Making Gold Chain

    One chain manufacturer describes the process as follows:

    "24 carat pure gold is alloyed with, copper, zinc, and silver to form carat gold alloys of varying pureness-10Kt, 14Kt, and 18Kt. The alloy is heated to a molten state in a graphite crucible. The alloy is drawn through a die from the base of the crucible. Rollers, working in regular short pulses pull the metal. The metal is formed into a tubular rod 1 inch in diameter.

    A small rod, known as the solder core is cast separately and slid inside the tubular rod. The core has a different recipe to the rod and has a lower melting point. This enables the links in the chain to be soldered at a later stage.

    The rod is then rolled and drawn down in increasingly smaller sizes. The smallest diameter the wire can be formed into is roughly three times the size of a human hair. As the wire is worked it hardens. Periodically the wire is woven on a spool, heated to a temperature just below its melting point and then quenched in water. This releases the hardness so the wire can be drawn again.

    The wire is formed into a chain by a machine or assembled one link at a time by hand."

    I'm fascinated by these machines. They make links using a spiral die or by forming the wire over a mandrel. To make the chain the wire feeds, each time, through the last formed link. The wire is placed on a conveyor belt furnace and then heated to a temperature above the melting point of the solder core but below the melting point of the outside rod. The solder flows to close the link.

    Some styles of chain are then cut to a mirror finish using a diamond finishing bit rotating at speed in excess of 20,000 rpm. The chains are finished and polished.

    In some cases chains are electroplated to brighten the color and cover the solder joints. This is done to prevent the solder joints from discoloring.

    This process will typically vary from manufacturer to manufacturer. The care in which the chain is produced, the quality control of the product, and the steps taken to form the wire into a chain all affect the finished product's value.

    Are there seconds in chain just as there are in other products? Yes, as you can image things can go wrong. When a manufacturer is dissatisfied with his product he has the choice to either start over or sell the product as a second. You'll find much of this chain is sold at a "So called discount".

    The question you should ask yourself is "Am I buying a manufacturer's second believing I am buying first quality or am I really getting  an unbelievable deal?"

 

Our Hours:
Tues-Fri  11:00 AM - 6:00 PM
Sat 11:00 AM - 5:00 PM
Thanksgiving through Christmas
Mon  11:00 AM - 6:00 PM

5121 Center Street, Suite 103
Williamsburg, VA  23188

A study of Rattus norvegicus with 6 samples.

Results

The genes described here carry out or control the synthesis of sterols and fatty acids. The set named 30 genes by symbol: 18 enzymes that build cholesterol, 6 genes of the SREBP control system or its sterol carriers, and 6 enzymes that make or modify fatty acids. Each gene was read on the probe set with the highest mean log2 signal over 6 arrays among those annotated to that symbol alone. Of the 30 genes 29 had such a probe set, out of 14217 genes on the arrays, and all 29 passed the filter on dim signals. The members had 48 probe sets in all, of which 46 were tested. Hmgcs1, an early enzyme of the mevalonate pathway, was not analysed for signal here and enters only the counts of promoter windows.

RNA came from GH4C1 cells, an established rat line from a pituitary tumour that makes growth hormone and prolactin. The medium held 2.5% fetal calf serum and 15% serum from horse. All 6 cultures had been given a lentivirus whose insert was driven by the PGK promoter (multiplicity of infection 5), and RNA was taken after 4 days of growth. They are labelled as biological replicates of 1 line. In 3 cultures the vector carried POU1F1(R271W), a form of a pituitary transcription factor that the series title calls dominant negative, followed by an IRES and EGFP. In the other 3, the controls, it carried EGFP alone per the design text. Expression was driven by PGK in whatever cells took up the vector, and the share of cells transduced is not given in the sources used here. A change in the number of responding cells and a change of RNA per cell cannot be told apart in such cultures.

(757) 229-7333

 

 

American Gem Society

For generations of jewelers, those three simple words have embodied three complex ideas to which the society has always been dedicated:

  • Ethics

  • Knowledge

  • Consumer Protection 

 

Making Gold Chain

The Making of a Gold Chain

 

One chain manufacturer describes the process as follows:

"24 carat pure gold is alloyed with, copper, zinc, and silver to form carat gold alloys of varying pureness-10Kt, 14Kt, and 18Kt. The alloy is heated to a molten state in a graphite crucible. The alloy is drawn through a die from the base of the crucible. Rollers, working in regular short pulses pull the metal. The metal is formed into a tubular rod 1 inch in diameter.

A small rod, known as the solder core is cast separately and slid inside the tubular rod. The core has a different recipe to the rod and has a lower melting point. This enables the links in the chain to be soldered at a later stage.

The rod is then rolled and drawn down in increasingly smaller sizes. The smallest diameter the wire can be formed into is roughly three times the size of a human hair. As the wire is worked it hardens. Periodically the wire is woven on a spool, heated to a temperature just below its melting point and then quenched in water. This releases the hardness so the wire can be drawn again.

The wire is formed into a chain by a machine or assembled one link at a time by hand."

I'm fascinated by these machines. They make links using a spiral die or by forming the wire over a mandrel. To make the chain the wire feeds, each time, through the last formed link. The wire is placed on a conveyor belt furnace and then heated to a temperature above the melting point of the solder core but below the melting point of the outside rod. The solder flows to close the link.

Some styles of chain are then cut to a mirror finish using a diamond finishing bit rotating at speed in excess of 20,000 rpm. The chains are finished and polished.

In some cases chains are electroplated to brighten the color and cover the solder joints. This is done to prevent the solder joints from discoloring.

This process will typically vary from manufacturer to manufacturer. The care in which the chain is produced, the quality control of the product, and the steps taken to form the wire into a chain all affect the finished product's value.

Are there seconds in chain just as there are in other products? Yes, as you can image things can go wrong. When a manufacturer is dissatisfied with his product he has the choice to either start over or sell the product as a second. You'll find much of this chain is sold at a "So called discount".

The question you should ask yourself is "Am I buying a manufacturer's second believing I am buying first quality or am I really getting  an unbelievable deal?"